After my stop at the American Cemetery, I continued my walk toward the Roman ruins, hoping to take a walk through them. Instead, I enjoyed a 30-minute conversation with a Tunisian man in German and walked away so impressed at polyglots like him that humble me and my limited foreign language skills.
Polyglots Of Tunisia – A Great Conversation
Sometimes those unexpected conversations when traveling are the most rewarding, or at the very least offer a great window into better understanding the people of another country.
On my walk to the Roman ruins near Carthage, I was met by many men hoping to sell me on a guided tour. Their pick-up lines were all the same: “Where you from?” (Always in English). My response is usually Germany, not so much to mislead (it is my ancestral home) but in hopes they will just leave me alone. If I can greatly overgeneralize, Germans then to be direct and quick to say NEIN while Americans tend to be more willing to engage, having a different conception of what it means to be polite.
Anyway, all these guys responded in the same way, exclaiming, “Ah, Deutschland” and began to ask me questions in German, which I generally ignored since I was trying to make it to the ruins before closing time.
It has been a very difficult two years for tour guides in Tunis – I cannot imagine what it is like to depend upon tourists for survival when there are no tourists (for many months, they were not even allowed and for many months after, still did not come). In that sense, the desperation for business made sense.
While stopping near the old theatre, an older gentleman came up to me and asked me where I was from. He was wearing a suit and hat and I decided to have a chat with him. It was all in German. His German had a Tunisian accent and he may have recognized my American accent when speaking German, but we had no trouble communicating.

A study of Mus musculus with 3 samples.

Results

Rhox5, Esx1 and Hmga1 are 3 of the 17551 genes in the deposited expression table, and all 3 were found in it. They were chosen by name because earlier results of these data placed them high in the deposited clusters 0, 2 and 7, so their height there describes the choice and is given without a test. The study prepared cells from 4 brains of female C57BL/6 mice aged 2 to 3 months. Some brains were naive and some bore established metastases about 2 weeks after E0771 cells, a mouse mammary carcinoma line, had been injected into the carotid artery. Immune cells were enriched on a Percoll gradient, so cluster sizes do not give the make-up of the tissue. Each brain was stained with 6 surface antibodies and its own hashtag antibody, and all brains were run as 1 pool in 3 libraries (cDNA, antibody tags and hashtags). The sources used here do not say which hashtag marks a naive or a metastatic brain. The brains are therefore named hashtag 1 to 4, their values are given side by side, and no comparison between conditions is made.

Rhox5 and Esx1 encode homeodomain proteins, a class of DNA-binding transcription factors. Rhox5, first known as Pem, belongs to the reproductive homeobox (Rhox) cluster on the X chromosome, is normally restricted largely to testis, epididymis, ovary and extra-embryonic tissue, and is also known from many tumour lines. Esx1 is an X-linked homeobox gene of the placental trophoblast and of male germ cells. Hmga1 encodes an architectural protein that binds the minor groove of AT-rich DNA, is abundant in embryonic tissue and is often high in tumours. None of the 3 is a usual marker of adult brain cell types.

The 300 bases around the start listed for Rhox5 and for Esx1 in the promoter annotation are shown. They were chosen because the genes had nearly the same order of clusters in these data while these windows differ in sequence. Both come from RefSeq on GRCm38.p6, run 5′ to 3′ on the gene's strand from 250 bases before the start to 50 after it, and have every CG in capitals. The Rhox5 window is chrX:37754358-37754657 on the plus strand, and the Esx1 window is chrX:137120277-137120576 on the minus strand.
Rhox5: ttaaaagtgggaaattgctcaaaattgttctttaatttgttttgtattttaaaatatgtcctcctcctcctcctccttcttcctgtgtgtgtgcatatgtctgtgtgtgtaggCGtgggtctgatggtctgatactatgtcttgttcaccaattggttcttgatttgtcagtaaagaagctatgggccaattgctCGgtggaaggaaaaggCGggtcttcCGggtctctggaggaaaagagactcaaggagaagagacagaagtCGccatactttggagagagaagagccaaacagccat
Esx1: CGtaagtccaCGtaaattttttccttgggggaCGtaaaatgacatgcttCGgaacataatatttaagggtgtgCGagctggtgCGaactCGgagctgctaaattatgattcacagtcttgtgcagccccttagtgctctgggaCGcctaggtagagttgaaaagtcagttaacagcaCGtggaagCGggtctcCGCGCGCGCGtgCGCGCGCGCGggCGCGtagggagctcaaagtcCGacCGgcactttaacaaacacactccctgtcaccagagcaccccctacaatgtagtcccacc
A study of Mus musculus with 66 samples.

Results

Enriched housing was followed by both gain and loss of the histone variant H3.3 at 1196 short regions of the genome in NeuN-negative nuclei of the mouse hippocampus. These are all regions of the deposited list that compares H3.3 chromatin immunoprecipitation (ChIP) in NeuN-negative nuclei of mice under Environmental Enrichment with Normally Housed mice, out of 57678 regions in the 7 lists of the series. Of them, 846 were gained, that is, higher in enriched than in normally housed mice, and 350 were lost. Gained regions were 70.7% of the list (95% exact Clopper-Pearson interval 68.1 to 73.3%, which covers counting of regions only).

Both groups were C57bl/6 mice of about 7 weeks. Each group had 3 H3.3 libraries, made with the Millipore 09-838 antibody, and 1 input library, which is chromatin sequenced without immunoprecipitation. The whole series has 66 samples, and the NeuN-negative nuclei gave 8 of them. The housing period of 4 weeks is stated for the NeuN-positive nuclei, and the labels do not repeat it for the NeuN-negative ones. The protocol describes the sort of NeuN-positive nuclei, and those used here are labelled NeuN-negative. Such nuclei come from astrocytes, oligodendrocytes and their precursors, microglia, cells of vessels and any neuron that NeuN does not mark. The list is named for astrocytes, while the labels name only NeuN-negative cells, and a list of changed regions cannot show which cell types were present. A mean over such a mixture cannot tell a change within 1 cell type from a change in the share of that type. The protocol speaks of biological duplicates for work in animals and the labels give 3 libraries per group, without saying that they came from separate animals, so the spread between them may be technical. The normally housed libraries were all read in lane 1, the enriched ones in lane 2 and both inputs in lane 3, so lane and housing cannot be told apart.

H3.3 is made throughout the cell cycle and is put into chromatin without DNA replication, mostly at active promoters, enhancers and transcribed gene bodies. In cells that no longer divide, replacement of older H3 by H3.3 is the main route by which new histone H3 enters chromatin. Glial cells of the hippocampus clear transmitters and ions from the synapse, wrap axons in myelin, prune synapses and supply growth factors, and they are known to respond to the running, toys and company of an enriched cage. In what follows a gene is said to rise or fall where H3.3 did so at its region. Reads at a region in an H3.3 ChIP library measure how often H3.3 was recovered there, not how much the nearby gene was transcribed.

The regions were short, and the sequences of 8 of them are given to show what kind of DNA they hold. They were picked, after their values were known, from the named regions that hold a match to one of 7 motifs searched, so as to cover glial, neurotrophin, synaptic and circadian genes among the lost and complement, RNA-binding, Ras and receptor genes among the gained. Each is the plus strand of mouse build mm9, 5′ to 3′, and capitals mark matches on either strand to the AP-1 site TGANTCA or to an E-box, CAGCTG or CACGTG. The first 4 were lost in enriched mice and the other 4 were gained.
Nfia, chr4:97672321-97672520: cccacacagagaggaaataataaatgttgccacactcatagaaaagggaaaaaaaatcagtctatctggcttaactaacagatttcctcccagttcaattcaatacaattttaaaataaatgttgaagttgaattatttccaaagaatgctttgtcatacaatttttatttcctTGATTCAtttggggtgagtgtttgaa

Over the next 30 minutes he told me about Tunis, its history, what to see, and of course mentioned several times that he would love to spend a few days showing me around (even though I mentioned often I was leaving the next morning). He told me about the 2010 Revolution and about his career as a professor and tour guide and then asked about the politics in Germany.
We ended our conversation by him telling me everyone around me is crooks and not to buy any souvenirs, because every “historical artifact” is fake. He then pointed to my wallet in my pocket and I thought he might ask me for some money, but instead he told me not to be a trottel (idiot) because pickpockets are rampant. This gentleman also speaks Dutch, French, Italian, and Russian (at least he told me that).
I bring up this conversation and my (much shorter) conversations with several other tour guides because it struck me as all the more ironic that not a single flight attendant on my Tunisair flight from Tunis to Montreal the following morning was willing to speak in English (German would have been asking a bit much), even though English is an official language of the destination. It is too bad I cannot speak French or Arabic.
I greatly enjoyed the conversation I had and really look forward to returning to Tunis. It is a beautiful nation with intelligent, lovely people (as we find everywhere, if we just take the time to engage). It’s just a short flight from most major cities in Europe – I was thankful for my brief time an humbled by the polyglots (I wish I could speak so many languages…even just conversationally).